Students and staff have better roofs and ventilation systems after Stanislaus Union School District officials completed upgrades to several campuses.
One year after voters approved an increase in their property taxes to fund $39.8 million in school bonds, small projects have finished at each of the district's six sites.
Others are set for summer, when students aren't on campus.
Though the 3,000-student district is reducing spending, programs and staff because of the recession, the bond money can be spent only on construction.
Stanislaus Union's centerpiece project is the major overhaul of Prescott Senior Elementary, the northwest Modesto district's only junior high school.
"It's really long overdue. Initial designs started six or seven years ago," said Superintendent Wayne Brown, adding that the school hasn't been upgraded much since it opened decades ago.
The modernization will cost about $16 million and include a new parking lot, classroom building, portables and improvements to the school's wiring and roofs.
The remodeling and expansion is necessary for the increase in students over the years and to bring buildings into compliance with state regulations, such as mandates to provide access for people with disabilities.
Those projects won't start until at least summer, but some of Prescott's heating, ventilation and air-conditioning units have been upgraded.
It was important to officials to spread the money around to other schools as soon as possible.
"We felt an obligation to take on some needs of all the sites," Brown said. "The first phase, the first year and a half, we had some relevancy for all of them."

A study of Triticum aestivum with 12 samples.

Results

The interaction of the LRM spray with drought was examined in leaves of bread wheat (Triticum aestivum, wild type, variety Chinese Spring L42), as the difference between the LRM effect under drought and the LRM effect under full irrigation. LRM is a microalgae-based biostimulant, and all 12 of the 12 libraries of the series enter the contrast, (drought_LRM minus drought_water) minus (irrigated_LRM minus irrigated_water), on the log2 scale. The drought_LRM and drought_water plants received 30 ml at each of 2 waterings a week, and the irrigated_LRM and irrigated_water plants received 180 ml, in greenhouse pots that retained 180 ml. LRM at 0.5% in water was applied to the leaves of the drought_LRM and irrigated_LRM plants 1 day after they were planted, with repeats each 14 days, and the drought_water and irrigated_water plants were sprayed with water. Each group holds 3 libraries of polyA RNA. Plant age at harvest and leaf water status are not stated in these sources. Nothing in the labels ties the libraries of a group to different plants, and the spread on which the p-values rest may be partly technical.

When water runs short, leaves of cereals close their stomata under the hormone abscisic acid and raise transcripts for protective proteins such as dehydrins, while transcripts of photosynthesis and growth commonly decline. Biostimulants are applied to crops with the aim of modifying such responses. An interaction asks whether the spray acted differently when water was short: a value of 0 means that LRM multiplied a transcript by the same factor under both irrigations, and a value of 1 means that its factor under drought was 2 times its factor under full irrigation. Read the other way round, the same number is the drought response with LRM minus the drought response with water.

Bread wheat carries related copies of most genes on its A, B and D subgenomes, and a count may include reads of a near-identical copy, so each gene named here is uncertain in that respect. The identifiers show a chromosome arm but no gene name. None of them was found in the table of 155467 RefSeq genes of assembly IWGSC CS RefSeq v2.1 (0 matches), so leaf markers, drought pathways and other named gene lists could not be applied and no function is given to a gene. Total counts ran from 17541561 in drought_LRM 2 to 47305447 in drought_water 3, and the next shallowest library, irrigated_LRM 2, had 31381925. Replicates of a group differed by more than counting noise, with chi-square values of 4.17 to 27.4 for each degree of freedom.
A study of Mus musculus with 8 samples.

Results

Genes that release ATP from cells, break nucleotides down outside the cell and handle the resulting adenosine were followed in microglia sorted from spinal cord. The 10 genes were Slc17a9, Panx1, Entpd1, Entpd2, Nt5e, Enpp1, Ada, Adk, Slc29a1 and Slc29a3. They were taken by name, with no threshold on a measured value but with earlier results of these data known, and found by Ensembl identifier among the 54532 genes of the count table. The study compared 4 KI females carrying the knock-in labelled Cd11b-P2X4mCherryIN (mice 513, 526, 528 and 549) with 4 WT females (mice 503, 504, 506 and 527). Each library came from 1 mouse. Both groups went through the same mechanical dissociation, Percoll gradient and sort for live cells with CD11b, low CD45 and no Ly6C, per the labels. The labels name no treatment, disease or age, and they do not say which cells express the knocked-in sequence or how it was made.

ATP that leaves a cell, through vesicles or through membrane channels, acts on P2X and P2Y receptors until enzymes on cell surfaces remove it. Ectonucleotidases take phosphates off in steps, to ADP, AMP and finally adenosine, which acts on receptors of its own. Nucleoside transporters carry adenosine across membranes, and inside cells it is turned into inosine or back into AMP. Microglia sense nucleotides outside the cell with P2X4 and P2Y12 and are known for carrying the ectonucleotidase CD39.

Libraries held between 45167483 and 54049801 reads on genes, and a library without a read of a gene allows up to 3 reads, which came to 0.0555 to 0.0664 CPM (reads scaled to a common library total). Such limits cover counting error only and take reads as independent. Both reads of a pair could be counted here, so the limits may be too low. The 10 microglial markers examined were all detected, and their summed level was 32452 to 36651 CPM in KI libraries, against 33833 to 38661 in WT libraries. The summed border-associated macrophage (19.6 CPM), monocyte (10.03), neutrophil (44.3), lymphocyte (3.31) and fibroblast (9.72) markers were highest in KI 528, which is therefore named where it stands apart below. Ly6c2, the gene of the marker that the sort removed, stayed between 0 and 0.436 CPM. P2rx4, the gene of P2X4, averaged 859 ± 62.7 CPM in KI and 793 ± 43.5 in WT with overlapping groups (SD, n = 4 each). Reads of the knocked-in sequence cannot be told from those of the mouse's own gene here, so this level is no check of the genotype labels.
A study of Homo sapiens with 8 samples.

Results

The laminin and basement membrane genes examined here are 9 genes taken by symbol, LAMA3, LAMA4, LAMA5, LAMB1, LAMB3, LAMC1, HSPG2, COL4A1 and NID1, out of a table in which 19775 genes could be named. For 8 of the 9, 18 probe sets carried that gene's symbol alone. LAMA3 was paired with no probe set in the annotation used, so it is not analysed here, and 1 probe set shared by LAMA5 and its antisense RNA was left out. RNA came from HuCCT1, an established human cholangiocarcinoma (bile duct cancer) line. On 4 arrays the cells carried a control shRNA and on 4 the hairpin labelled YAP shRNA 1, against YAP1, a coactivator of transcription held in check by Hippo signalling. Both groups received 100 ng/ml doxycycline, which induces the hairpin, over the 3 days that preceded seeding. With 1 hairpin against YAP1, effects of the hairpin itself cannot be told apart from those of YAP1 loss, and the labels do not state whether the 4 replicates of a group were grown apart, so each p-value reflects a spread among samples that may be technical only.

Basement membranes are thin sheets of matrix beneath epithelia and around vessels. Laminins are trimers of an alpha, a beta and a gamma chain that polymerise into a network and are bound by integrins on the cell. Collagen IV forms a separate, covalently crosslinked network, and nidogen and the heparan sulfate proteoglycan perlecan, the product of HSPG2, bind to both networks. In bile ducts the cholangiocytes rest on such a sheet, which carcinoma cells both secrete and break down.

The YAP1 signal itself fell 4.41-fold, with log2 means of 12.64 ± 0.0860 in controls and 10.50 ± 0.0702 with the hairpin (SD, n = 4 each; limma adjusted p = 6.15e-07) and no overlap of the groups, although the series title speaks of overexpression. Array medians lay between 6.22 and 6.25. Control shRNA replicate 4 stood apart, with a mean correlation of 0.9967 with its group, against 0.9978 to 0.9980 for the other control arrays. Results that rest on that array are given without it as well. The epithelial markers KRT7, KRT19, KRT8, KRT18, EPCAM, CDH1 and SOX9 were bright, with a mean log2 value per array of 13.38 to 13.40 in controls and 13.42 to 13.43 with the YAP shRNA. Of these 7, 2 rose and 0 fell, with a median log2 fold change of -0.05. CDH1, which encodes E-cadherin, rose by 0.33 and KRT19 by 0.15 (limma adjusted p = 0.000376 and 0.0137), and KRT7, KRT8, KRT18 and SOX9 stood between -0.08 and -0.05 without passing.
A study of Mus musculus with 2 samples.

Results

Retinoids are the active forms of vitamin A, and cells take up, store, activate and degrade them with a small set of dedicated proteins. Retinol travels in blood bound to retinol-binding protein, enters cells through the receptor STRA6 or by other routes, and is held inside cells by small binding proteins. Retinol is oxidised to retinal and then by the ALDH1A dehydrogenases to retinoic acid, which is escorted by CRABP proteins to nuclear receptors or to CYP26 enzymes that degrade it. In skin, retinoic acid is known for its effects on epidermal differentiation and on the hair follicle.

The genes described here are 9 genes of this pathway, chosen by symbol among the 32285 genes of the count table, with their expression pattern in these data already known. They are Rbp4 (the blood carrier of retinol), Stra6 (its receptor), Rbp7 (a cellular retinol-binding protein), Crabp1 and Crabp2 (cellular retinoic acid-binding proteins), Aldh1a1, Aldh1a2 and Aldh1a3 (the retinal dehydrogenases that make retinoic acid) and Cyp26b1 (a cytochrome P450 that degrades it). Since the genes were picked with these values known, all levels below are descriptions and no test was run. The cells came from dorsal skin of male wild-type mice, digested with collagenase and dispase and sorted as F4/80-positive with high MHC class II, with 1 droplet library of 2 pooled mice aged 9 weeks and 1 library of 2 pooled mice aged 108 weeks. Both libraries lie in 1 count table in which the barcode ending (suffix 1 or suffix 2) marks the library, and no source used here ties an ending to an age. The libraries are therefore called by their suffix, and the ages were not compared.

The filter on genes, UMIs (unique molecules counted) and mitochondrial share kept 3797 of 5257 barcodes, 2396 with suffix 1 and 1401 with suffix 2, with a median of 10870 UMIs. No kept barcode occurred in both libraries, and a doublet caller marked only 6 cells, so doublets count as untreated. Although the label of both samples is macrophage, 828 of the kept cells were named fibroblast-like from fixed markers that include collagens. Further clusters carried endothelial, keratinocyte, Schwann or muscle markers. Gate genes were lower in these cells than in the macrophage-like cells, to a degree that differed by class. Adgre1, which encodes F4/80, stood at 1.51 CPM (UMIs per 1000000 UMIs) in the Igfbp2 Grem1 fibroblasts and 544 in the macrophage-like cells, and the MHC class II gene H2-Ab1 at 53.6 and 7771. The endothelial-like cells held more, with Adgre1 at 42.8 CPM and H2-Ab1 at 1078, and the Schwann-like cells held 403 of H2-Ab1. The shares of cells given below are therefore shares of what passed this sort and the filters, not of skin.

Last summer, elementary schools got HVAC upgrades, asphalt improvements to ball courts and parking lots and portables reroofed for a grand total of $870,000.
Districts usually issue the bonds in phases. Stanislaus Union's first was for $11 million. Construction will be done in increments through 2016.
"Our biggest problem is the drop in assessed property value," said Paul Disario, a consultant managing the district's projects.
The lower the value of houses, the less money comes in from the bonds.
"I'm advising the district not to take too many financial risks," Disario said. "If you take on too much debt, you'll have to pay it back from the general fund."
The district administration, meanwhile, is doing some moving.
It's consolidating offices in the former Muncy Elementary School campus, which the district closed as part of a May budget-balancing measure.
It will be the first time all district departments, such as business and curriculum, will be at the same spot.
The district office was in three locations. One of those spots was rented and the landlords will need the site soon.
The rest of Muncy will be used for other programs, such as Head Start and adult education.